Why Bangladesh hit again by Earthquake?

Bangladesh is in the major earthquake zone. Bangladesh, being located close to the plate margins of Indian and Eurasian plates, is susceptible to earthquakes. The collision of the Indian plate moving northward with the Eurasian plate is the cause of frequent earthquakes in the region comprising Bangladesh and neighbouring India, Nepal and Myanmar.

The country is surrounded by the Himalayan Arc, the Shillong Plateau and the Dauki fault system in the north, the Burmese Arc and Arakan Yoma anticlinorium in the east, and the Naga Disang Haflong thrust zone in the northeast.

The existence of an active fault had been proved in Haluaghat of Mymenshingh, adding further risk to the vulnerability, experts expressed after 2011 tremor.

Yet another earthquake jolted Dhaka and other parts of the country around 1:08pm on Tuesday.
The quake panicked hundreds of thousands of people staying at home and commercial buildings in major cities and towns.

The earthquake was measured at 7.4 magnitude on Richter scale and its epicentre is 22 km away from Zham of China and 83 km from Katmandu of Nepal, according to US Geological Survey.
No casualties and damage to properties have yet been reported till filing of this report at 1:15pm.
A major earthquake hit the country on 25 April when Nepal was devastated by a 7.8 magnitude earthquake. Almost 10,000 people were reportedly killed in the quake. 
The entire region surrounding Nepal also experienced several aftershocks.

Historically Bangladesh has been affected by five earthquakes of large magnitude (M) greater than 7.0 (Richter scale) during the 61 year period from 1869 to 1930. Among them, the mighty 8+ magnitude 1897 Great Indian earthquake in Shillong, Assam had an epicentral distance of about 230 km from Dhaka. That earthquake caused extensive damages to masonry buildings in many parts of Bangladesh including Dhaka. The 1885 Bengal earthquake (M=7.0, 170 km from Dhaka) and 1918 Srimongal earthquake (M=7.6, 150 km from Dhaka) had their epicentres within Bangladesh, they caused considerable damage locally. Two great (M>8) earthquakes occurred in Bihar in 1934 and in Assam in 1950, but they were too far to cause any damage in Bangladesh. It should be noted that large earthquakes in the region have not been occurring for quite a long time (around 75 years) and hence, the possibility of a major earthquake occurring soon is quite high.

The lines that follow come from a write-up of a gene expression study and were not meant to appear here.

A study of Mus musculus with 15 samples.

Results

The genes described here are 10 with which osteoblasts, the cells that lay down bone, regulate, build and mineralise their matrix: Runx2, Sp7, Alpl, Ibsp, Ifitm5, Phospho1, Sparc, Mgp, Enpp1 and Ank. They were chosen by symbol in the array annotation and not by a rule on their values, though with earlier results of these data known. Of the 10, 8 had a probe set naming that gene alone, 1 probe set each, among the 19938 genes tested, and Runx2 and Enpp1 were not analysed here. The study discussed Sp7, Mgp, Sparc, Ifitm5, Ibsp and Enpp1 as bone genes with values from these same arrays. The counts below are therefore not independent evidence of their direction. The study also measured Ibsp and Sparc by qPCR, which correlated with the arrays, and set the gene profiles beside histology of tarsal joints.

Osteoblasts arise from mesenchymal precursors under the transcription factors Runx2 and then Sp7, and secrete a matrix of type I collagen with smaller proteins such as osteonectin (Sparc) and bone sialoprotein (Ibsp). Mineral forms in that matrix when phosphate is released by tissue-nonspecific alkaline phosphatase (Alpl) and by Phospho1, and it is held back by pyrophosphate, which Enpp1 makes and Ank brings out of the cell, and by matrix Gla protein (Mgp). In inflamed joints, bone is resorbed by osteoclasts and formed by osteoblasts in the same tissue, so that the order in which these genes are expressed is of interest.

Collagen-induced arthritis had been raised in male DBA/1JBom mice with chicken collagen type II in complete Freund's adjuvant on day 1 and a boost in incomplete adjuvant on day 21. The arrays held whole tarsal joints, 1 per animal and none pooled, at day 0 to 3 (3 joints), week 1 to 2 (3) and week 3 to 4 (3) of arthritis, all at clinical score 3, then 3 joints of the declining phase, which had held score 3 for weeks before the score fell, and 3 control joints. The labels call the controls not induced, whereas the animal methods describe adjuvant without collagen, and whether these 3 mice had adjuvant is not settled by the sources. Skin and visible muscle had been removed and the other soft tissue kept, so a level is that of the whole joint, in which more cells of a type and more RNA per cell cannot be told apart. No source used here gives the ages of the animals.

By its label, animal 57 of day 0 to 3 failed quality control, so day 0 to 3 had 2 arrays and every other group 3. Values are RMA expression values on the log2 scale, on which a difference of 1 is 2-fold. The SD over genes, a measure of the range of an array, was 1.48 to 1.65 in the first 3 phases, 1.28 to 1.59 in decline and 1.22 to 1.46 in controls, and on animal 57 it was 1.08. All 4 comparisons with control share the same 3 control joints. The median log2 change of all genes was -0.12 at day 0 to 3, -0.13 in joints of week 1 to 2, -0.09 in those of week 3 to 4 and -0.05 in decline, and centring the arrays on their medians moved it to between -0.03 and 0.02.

According to Prof. Bruce Bolt of University of California at Berkeley, a world renowned seismologist, Bangladesh can be affected by large magnitude earthquakes generated in four tectonic zones, as shown in the following table:

The present generation of people in Bangladesh hasn`t witnessed any major earthquake. As a result the population has been generally complacent about the risk of earthquakes. During the last seven or eight years, the occurrence and damage caused by some earthquakes (magnitude between 4 and 6) inside the country or near the country`s border, has raised the awareness among the general people and the government as well. The damage has been mainly restricted to rural areas or towns near the epicentre, but there has been some instances of damage in urban areas 50 to 100 km away.

Dhaka, located in the central region of Bangladesh, could be affected by any of the four earthquake source zones. Another point of major concern is that there are active faults near the city also. This was realized during the 19 December 2001 magnitude 4+ Dhaka earthquake that caused panic among many city residents. The epicenter was very close to Dhaka city. Frightened people in several high rise buildings rushed down the stairs, as they felt considerable shaking in the upper floors. The location of a probable earthquake source so near Dhaka with the probable earthquake magnitude needs to be further investigated.